Despite reports of a looming energy crisis, it’s clear that we’re in the midst of an oil boom. And many companies are enjoying it thus far, as are their investors. Earlier today, the Wall Street Journal reported that energy and materials were the “best performing sectors of the S&P 500,” citing the rise in commodity prices that the sector has seen in recent weeks as the primary reason behind the gains that oil stocks have seen recently.
Oil Stocks: What’s Happening
Oil prices are approaching their highest point in three years at $83.86 per barrel, recently rising 1.8%. With these types of increases, it’s hardly surprising that oil stocks would be starting off on a good note today. In fact, four primary American oil drillers in the green.
Diamondback Energy (NASDAQ:FANG) is up more than 2% for the day so far, while Kinder Morgan (NYSE:KMI) is up 1.92%, and APA Corporation (NASDAQ:APA) is up 0.51%. All three are based in Texas. Adding to the mix is the New York-based Hess Corporation (NYSE:HES), whose shares have risen by 1.1% as of this writing. Hess’s gains could also be due in part to the fact that it was recently upgraded to a AAA ESG (environmental, social and governance) rating by MSCI (Morgan Stanley Capital Incorporated) after a decade of only receiving AA ratings. These gains across the sector, though, are due primarily to increases in oil prices spurred by spikes in demand.
What It Means
What does the immediate future look like for oil stocks as the boom continues to expand?
There’s always varying levels of uncertainty, but as of now, it looks promising. We’ve been watching the energy and materials sectors expand to meet the rising demand since the boom began. Right now they’re enjoying a rally spurred by commodity-driven price inflation. In addition, investors are hungry for stocks that stand to benefit from the vast economic recovery that the U.S. government is currently prioritizing, specifically those which fall into the clinical category. Both of those categories certainly apply to oil stocks.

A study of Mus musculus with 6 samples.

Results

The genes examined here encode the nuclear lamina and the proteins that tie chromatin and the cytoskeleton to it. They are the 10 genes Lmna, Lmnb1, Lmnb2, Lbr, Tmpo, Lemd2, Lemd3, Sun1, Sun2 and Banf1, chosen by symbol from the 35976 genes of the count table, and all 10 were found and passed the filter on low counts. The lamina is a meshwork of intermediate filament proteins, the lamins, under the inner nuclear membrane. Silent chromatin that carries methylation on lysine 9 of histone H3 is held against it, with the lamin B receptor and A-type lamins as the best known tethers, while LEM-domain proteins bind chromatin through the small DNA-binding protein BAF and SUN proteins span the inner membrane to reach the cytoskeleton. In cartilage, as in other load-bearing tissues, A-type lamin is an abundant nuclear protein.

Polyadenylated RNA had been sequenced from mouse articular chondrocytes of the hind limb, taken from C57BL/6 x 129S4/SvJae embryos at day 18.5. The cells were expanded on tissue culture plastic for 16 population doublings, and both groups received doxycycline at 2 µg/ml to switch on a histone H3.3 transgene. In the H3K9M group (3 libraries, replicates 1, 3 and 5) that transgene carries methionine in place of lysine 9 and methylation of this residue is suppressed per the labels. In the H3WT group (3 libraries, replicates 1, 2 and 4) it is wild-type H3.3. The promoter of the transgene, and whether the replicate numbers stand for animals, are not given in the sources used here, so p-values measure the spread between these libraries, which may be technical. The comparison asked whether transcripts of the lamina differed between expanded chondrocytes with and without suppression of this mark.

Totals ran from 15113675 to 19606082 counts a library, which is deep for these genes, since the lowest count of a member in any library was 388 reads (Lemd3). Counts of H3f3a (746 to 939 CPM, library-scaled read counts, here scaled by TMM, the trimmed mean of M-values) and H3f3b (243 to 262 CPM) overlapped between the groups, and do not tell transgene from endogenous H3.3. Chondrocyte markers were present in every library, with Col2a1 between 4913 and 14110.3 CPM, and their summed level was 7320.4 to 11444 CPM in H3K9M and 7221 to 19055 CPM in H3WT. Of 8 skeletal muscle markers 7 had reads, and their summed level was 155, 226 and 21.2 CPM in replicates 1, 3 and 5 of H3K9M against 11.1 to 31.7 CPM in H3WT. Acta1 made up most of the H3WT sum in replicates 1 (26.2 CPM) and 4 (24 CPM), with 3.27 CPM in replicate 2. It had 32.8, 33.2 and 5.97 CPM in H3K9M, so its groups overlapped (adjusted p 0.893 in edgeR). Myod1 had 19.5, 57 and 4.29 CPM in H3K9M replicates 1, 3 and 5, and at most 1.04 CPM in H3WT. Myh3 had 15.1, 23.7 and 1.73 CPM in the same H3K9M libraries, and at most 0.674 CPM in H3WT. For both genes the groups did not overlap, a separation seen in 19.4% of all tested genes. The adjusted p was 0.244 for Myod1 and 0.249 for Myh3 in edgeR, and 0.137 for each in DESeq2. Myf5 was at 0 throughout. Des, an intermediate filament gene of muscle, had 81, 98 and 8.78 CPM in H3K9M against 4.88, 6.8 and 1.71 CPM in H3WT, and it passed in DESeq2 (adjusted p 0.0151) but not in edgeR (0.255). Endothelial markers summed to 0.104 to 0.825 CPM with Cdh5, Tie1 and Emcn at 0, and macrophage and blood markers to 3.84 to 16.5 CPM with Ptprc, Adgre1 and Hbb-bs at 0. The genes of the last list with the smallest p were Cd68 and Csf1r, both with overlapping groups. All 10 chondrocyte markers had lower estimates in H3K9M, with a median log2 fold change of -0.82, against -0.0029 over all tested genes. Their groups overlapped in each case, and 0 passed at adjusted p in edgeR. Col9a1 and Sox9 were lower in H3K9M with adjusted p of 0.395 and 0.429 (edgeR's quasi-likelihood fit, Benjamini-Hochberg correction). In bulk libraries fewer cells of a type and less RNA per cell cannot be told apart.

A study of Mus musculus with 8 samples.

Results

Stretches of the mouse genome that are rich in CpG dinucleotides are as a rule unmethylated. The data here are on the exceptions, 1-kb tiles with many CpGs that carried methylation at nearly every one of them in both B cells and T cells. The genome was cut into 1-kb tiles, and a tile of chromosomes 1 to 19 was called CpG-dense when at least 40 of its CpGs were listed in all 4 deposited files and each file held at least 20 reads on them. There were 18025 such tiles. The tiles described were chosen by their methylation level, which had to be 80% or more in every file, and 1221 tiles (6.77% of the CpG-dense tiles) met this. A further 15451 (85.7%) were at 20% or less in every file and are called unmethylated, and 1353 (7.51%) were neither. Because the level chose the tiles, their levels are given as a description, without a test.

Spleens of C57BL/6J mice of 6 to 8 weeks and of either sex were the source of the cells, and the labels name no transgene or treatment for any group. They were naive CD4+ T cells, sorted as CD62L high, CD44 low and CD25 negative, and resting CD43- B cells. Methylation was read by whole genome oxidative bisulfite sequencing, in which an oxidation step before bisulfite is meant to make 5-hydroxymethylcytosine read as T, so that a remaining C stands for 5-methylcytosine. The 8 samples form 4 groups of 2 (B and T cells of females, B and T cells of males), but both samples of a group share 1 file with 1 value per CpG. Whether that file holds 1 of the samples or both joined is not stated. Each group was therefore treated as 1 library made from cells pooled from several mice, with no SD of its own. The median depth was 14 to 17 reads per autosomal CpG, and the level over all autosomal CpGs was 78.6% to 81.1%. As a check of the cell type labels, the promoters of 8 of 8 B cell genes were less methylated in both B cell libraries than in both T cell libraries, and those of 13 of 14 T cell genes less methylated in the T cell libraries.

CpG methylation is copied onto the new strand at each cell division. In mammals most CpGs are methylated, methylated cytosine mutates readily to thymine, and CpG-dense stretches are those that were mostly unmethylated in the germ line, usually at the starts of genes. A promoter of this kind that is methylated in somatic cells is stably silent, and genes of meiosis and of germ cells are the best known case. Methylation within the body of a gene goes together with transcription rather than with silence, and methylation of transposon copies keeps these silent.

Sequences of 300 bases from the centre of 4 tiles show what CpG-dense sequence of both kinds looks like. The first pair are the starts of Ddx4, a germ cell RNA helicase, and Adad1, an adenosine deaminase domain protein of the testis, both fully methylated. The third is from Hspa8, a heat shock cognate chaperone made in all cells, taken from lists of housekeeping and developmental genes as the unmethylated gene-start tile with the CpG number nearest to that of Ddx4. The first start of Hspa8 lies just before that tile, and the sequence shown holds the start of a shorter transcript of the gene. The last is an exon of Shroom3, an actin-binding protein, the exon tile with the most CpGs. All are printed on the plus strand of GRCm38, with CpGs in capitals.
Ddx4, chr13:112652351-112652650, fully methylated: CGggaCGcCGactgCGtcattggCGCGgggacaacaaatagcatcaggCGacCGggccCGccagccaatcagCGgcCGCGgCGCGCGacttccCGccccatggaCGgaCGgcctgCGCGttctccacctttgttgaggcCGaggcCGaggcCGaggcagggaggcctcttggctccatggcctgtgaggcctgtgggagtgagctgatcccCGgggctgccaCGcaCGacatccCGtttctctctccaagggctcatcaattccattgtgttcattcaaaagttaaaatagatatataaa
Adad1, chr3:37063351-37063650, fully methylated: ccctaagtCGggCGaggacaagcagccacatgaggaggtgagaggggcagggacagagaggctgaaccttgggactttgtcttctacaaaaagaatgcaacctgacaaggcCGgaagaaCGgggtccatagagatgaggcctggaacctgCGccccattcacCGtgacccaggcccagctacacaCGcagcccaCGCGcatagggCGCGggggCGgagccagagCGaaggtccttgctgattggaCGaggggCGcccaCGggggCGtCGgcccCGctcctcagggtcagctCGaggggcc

That’s not to say that there aren’t causes for concern amid these surges in commodity prices. No sector is immune to the disruptions in both supply chain and labor. Industries across the globe are currently grappling with both. That said, oil companies don’t seem to be having too much difficulty meeting the increased demand that has generated these types of gains for their stocks.
Why It Matters
The inflationary pressure companies are currently feeling may be temporary, but they could last longer than many analysts initially expected. Things will need to settle more before we know for sure. Plus, as the holiday season approaches, many industries are bracing for disruptions as supply chain shortages threaten retail shopping and the labor shortage threatens air travel. Adding to it all is the ever-present risk of Covid-19 outbreaks, even though cases are decreasing at present.
With all that in mind, the demand for oil isn’t going to go away anytime within the next few months, even as green energy companies move to take advantage of the impending crisis. The future remains uncertain for oil stocks, but in the short-term, they show no immediate signs of slowing down. Investors should keep watching keenly.
On the date of publication, Samuel O’Brient did not have (either directly or indirectly) any positions in the securities mentioned in this article. The opinions expressed in this article are those of the writer, subject to the InvestorPlace.com Publishing Guidelines.